Most of us probably have been in conversation with someone who was solely focused on their phone. Maybe we’ve done it ourselves.
“Phubbing.” A not-so new term. The Cambridge Dictionary defines it as, “the act of ignoring someone you are with and giving attention to your cell phone instead.”
Because “phubbing” is so common, is it still considered rude? Or just part of today’s culture?
If we’re constantly looking at our phones during a conversation with someone, it can affect the quality of the conversation. It’s not just about phone etiquette, but also about the lack of connection, uninspired conversation, and inattentiveness to the person we’re with.
Being distracted by our phones sends a message that we are not fully present in the conversation.
- It can express boredom or disinterest.
- It says that something is way more important or intriguing.
- It can lead to misunderstandings or missed details.
- It can build resentment.
- It can have relationship repercussions.
Additionally, if we’re constantly checking our phones, we will miss out on taking in their emotions, non-verbal cues, and physical nuances that are an integral part of a conversation.
Worse is that your responses may lack empathy, shared joy, or appropriate words because you only picked up a portion of what they said. Awkward–making you look rude and aloof.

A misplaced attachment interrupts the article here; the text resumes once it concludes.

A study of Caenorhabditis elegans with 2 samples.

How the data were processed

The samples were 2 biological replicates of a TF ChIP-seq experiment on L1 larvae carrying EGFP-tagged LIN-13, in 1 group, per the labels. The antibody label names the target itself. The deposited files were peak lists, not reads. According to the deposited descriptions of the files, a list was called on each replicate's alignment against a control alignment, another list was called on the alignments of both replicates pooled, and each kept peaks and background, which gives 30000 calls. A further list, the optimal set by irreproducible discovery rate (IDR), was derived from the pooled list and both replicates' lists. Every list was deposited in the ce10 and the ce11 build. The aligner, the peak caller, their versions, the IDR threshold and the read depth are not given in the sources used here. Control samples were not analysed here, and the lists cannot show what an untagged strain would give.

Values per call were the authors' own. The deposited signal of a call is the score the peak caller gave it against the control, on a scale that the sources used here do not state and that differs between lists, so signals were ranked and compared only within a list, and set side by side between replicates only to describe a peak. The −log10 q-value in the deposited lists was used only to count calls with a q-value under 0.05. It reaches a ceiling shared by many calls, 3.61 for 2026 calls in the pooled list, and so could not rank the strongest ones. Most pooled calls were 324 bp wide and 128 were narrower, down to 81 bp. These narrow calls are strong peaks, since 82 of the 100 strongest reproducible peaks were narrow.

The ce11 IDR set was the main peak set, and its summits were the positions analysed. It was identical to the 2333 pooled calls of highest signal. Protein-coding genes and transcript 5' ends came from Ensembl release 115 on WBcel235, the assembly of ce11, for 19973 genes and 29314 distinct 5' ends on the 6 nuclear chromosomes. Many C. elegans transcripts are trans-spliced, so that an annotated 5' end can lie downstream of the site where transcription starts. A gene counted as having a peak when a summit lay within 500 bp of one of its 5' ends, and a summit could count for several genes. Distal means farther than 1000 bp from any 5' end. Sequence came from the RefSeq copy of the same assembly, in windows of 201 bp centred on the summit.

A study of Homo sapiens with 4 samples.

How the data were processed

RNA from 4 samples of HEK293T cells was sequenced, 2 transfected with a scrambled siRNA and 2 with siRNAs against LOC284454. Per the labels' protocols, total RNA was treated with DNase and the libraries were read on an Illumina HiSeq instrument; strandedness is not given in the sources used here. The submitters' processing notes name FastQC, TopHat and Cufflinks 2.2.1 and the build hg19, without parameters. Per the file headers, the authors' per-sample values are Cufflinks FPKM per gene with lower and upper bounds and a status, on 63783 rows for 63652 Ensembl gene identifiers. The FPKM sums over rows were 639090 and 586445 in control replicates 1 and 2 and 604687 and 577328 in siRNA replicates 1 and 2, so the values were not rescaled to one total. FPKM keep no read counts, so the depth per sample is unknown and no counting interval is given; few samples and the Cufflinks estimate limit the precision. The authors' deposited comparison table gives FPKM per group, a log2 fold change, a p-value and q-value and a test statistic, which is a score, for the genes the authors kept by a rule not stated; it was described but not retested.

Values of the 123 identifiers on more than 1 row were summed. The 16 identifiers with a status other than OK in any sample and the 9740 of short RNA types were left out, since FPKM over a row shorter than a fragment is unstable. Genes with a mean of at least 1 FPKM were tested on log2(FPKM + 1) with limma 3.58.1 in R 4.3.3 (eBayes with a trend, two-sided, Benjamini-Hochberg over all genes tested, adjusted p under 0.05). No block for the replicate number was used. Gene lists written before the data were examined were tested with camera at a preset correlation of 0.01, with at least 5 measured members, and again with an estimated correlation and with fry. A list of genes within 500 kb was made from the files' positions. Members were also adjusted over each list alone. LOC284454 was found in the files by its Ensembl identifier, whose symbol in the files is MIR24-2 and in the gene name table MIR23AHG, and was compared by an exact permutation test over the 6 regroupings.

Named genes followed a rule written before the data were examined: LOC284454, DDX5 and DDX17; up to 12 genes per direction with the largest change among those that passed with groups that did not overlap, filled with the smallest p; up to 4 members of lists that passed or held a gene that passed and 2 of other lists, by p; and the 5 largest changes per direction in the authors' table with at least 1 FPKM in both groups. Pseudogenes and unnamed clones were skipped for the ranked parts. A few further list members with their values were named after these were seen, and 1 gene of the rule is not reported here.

What can you do to stop from phubbing?
- Need help? There are apps to help limit phone use; Inc.com 6 apps stop your smartphone addiction
- Establish phone-free zones. No phones at the table. Or, when sitting on the couch.
- Set time-outs or phone check times. It could be every thirty minutes, when everyone checks their phone at the same time for a designated period. Allow time to share and view photos or posts of interest.
- Put your phone in another room.
Final thoughts: It’s important to connect with others and maintain that connection through technology and social media, whether it’s for pleasure or business. But we must not diminish the importance of connecting and maintaining those connections of those who are present and in our “real” life. Since they will be the ones who, when we need them, will be physically and emotionally present for us; in the good times and bad. If everyone agrees to be phubbing each other, than go for it.
There is one important point I must make. While this is a generalization, overwhelmingly, youth to young adults seem to communicate via text, even when they are sitting shoulder-to-shoulder. So technically, they are not phubbing, but engaging in a way that they are comfortable with.
Nationally recognized etiquette expert with over twenty years of providing trainings, and serving as a source for media.
Advice and tips provided are basic and general guidelines and options.